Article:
Thomas was known as Red Thomas, for the colour of his hair. His father Nicholas had a blacksmith’s forge in King Street in the early nineteenth century. His name however is not included in Bradshaw’s directory of Newry business people of 1819.
Thomas’s wife was Mary Curren, daughter of Hugh Curren – and Mary featured on our pages here in December last, in a photo taken at Aileen Terrace.
Thomas worked in Fisher’s Builders Yard. In later life he served as doorman at the Catholic Workingmen’s Club. Among his grandsons are Pascal McCaul (my Bridge adversary, and father of John) Bill and Desmond McCaul.
Patrick White was born in Upper Norrth Street from which his family left for Church Street. We of course remember this family from O’Neill Avenue where they moved to later and, indeed, Eamon lives there still, to the best of my knowledge.
Other Church Street people who moved to The Avenue at the time were the O’Connors, the late Rory and Kevin: McCauleys: Finnegans, Michael and Oliver: the McVeighs, David, Seamus and Michael; and Frank Murphy from St Patrick’s Avenue, and his wife Bridget, nee Kean.
Patrick’s father was a carpenter and made coffins for E A Byrne in Water Street. Patrick clearly recalls his mother taking him down to the Water Street workshop, beside Sparky Keenan’s forge. There he saw the horse-drawn hearse of John (Curley) Murphy alongside of which his father would have walked.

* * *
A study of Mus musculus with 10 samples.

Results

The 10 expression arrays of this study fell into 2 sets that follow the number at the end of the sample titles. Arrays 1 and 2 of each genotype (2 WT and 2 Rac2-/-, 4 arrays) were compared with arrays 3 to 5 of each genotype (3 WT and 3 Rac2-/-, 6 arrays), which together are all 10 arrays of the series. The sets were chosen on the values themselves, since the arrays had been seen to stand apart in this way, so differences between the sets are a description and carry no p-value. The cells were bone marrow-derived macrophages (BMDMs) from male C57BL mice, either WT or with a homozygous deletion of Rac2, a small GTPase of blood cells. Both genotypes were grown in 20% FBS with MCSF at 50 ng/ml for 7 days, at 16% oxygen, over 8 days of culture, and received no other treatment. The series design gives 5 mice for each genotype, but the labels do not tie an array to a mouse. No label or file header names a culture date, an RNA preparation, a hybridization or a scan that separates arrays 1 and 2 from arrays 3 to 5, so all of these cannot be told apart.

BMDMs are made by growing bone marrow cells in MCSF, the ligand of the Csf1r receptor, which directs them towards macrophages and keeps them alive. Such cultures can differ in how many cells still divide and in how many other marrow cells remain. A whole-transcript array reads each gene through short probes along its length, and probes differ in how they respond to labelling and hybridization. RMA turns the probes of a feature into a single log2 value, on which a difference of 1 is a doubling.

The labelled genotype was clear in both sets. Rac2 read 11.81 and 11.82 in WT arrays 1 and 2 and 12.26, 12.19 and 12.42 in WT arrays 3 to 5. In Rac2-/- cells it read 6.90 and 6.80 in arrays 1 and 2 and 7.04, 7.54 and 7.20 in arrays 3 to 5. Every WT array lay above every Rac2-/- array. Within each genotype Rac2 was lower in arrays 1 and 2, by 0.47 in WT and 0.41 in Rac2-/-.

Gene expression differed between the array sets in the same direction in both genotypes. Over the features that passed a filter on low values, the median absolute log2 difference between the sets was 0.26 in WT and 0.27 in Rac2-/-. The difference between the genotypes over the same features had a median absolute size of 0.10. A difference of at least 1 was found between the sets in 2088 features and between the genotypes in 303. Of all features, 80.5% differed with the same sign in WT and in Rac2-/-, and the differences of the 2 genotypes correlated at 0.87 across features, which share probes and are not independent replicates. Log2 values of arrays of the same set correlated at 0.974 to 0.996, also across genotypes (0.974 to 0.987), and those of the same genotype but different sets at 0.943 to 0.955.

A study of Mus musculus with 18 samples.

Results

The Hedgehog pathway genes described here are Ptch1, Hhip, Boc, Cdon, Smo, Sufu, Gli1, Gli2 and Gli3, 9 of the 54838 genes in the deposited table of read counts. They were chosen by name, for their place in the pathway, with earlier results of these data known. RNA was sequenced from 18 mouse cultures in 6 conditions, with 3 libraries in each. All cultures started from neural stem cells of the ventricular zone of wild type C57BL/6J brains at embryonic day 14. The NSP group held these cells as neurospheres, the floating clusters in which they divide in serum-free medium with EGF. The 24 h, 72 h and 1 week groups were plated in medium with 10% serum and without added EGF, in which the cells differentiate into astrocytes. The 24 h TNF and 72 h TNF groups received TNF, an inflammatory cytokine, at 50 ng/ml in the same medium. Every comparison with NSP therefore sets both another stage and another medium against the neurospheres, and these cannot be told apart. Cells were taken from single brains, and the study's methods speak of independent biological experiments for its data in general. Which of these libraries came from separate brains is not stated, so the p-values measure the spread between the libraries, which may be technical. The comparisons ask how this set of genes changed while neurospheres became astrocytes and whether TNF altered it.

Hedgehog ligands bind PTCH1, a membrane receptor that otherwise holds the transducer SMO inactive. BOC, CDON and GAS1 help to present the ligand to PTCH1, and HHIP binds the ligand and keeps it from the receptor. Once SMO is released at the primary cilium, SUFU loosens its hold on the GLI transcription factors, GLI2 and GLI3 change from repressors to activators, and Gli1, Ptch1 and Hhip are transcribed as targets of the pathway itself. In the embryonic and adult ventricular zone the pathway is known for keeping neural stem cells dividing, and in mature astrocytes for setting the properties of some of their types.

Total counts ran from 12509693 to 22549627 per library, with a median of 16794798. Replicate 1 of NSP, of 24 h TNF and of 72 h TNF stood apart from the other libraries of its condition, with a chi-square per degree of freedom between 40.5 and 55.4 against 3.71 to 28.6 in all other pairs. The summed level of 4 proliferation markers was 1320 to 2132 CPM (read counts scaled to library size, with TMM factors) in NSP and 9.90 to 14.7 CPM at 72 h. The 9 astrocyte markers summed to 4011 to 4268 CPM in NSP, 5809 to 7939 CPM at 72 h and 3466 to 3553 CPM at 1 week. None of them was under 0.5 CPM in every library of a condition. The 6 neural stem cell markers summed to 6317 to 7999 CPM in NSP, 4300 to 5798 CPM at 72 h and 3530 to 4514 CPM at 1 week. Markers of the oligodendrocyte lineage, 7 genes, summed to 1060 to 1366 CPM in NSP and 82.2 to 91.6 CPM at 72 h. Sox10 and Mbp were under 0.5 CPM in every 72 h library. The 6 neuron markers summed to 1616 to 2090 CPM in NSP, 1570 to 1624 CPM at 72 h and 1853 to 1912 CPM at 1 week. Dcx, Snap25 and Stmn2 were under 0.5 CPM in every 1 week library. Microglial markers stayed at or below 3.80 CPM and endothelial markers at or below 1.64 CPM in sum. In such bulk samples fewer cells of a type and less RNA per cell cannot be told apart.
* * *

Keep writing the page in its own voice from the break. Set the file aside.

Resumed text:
E A Byrne’s family emigrated to the USA – New York – and the undertaking business went to his sister who married Patrick’s great grandfather Butterfield from Mayobridge. He also had a whiskey store on Water Street and two pubs on Monaghan Street.
John Francis McCourt’s (now of New York) family lived next door to E A Byrne’s yard on Water Street. John Francis’s father was also a coffin-maker for Byrne. His mother was a Butterfield from Mayobridge. By the way, Harry O’Rourke’s (from Fisher’s Builders Suppliers) mother was also a Mayobridge Butterfield, and all of these people are of Patrick White’s line.
A few other snippets supplied by Patrick White:
‘Frank Trainor, of the first house in Church Street was from Banbridge. His son Brian married a sister of Tommy McGrath’s. Brian is now deceased. Patrick’s mother and old Maggie McGrath of North Street were great friends.
I remember Joe Fleming (later the postman, deceased a decade or so ago) living up in the Church Street area. Joe was the first Fianna Eireann Boy Scout in full uniform in the whole area. Joe was later in the Newry Amateur Band with Joe Campbell. His brother Teddy signed all us boys into the Fianna in his Boot & Shoe Shop in Castle Street. It was about 1951-2 that we all joined Fianna Eireann.’